Group Group Group Group Group Group Group Group Group

How to know when accessory view is tapped

Where do I put code to run when the user taps the accessory view of a table view cell but not tap the content view of the cell?

@brower Thanks very much for your question. If I understand your question correctly, you’re referring to calling code to execute after the user presses the chevron (i.e. the arrow) on the UITableViewCell correct? If this is the case, my guess would be to include the code inside the prepareForSegue method. I would like to point out here that it would not be recommended to make a distinction between a user pressing the accessoryView vs pressing the cell itself (i.e. the contentView). The space is very narrow, and have multiple triggers inside a UITableViewCell would be confusing to the user. In fairness, the accessoryView is just that, an “accessory”. Meaning, it assists the user to know that there is more content available if the user selects the row.

Try to ensure that your UI/UX is simple, and easy to follow so as to not confuse the user. If what you’re trying to do is coming across as being too complex, my guess would be that you should take a step back, and try to simply your workflow. :slight_smile:

I hope this helps!

All the best!

Other than what @syedfa says, you can do what you want by implementing your own UITableViewCell. Subclass a UITableViewCell and create a button on the place of the accessoryview, or add a tapgesture to the accessoryview. Then you can handle the actionMethod in this cell subclass, which can call a method in the viewcontroller if you supply the cell with a delegate.

I hope you succeed. The Human Interface Guidelines are good, but sometimes you want to do something special.

When you say supply the cell with a delegate, do you mean there is a protocol for table view cell delegate? Like UITableViewCellDelegate that I can extend by the view controller subclass?

What I meant was, when you either create or re-use the tableviewcell, you set the delegate variable (which you need to define yourself) to the (table)viewcontroller.
For this you create a protocol class with one function, e.g.
protocol AccessoryProtocol class {
func accessoryTapped(YourCellClass)
The delegate var should be of this AccessoryProtocol type.

In the AccessoryProtocol extension of your table)viewcontroller, you implement this function.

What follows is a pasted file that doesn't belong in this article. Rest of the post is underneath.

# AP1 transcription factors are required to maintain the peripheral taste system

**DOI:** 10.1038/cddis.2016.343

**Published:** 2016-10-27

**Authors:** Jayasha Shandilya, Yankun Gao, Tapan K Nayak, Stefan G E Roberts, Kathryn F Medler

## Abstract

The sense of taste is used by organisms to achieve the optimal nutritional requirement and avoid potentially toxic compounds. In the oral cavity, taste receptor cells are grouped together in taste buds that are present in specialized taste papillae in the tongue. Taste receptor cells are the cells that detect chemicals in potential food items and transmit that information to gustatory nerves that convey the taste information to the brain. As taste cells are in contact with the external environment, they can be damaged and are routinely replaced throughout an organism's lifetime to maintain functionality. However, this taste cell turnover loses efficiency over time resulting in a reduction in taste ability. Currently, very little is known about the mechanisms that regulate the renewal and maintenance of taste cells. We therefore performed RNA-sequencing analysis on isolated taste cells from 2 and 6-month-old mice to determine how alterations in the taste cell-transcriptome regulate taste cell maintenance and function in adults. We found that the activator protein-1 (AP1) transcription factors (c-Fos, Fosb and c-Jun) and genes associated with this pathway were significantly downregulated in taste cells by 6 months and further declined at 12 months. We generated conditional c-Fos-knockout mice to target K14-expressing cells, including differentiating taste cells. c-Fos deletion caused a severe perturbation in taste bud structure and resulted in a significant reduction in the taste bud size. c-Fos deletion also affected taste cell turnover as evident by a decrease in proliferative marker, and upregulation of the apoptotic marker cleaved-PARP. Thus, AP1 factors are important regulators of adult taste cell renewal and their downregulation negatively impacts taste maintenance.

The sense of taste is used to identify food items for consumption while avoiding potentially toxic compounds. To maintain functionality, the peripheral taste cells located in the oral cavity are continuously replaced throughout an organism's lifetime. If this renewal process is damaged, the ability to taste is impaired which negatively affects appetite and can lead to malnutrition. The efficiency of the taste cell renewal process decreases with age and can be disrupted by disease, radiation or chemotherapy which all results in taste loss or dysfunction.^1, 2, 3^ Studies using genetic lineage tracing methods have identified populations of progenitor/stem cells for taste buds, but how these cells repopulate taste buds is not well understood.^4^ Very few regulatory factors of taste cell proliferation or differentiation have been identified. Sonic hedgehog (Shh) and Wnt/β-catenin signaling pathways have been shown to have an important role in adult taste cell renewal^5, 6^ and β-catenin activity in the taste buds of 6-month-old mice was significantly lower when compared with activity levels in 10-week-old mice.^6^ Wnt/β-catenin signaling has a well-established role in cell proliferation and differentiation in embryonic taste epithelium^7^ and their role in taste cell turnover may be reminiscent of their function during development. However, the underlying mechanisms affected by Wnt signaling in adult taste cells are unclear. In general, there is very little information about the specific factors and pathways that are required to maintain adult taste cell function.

Now, the trick is to discover which cell is clicked in.

For this I set either the model object involved, or the index of the cell data in the array in the cell.

Good luck!

I found this tutorial before I saw your explanation. It looks like this tutorial is showing the same thing as your explanation above.

I actually found a different approach to solving the problem. I used the addTarget method of the button in my table view cell to point the button tap action to a selector in the view controller, and for the target argument in the addTarget method I typed the name of the view controller class with “()” after it. I don’t know what that means, but it works. I think I got the idea from the suggestions that Xcode gives to correct errors. I tried just adding the name of the view controller class without the “()” and I got an error with the suggestion to add the “()” after the name of the view controller class.

I guess it depends on where you call the addTarget method. If you call it in the viewcontroller you can also use ‘self’ as a target.
What happens if you use ViewController(), is that you instantiate a NEW viewcontroller, which will not have access to data in the old viewcontroller.

Depending on what you want to accomplish, this may not be what you want.
Try to access a data structure from the viewcontroller after you tapped a button.


I follow your logic, but for some reason the code works. I was able to access data on the view controller, so apparently putting the “()” after the name of the view controller acquires the view controller as a singleton. Just my guess.

I have no idea what all these other answers are talking about as they don’t seem to relate at all to your question. You specifically asked where code should run if you tap on the ACCESSORY VIEW of a UITableViewCell. That’s exactly what the UITableViewDelegate method tableView(_:accessoryButtonTappedForRowWith:) is for.

@brower My apologies, but @gargoyle is correct. I feel really stupid looking back on this question.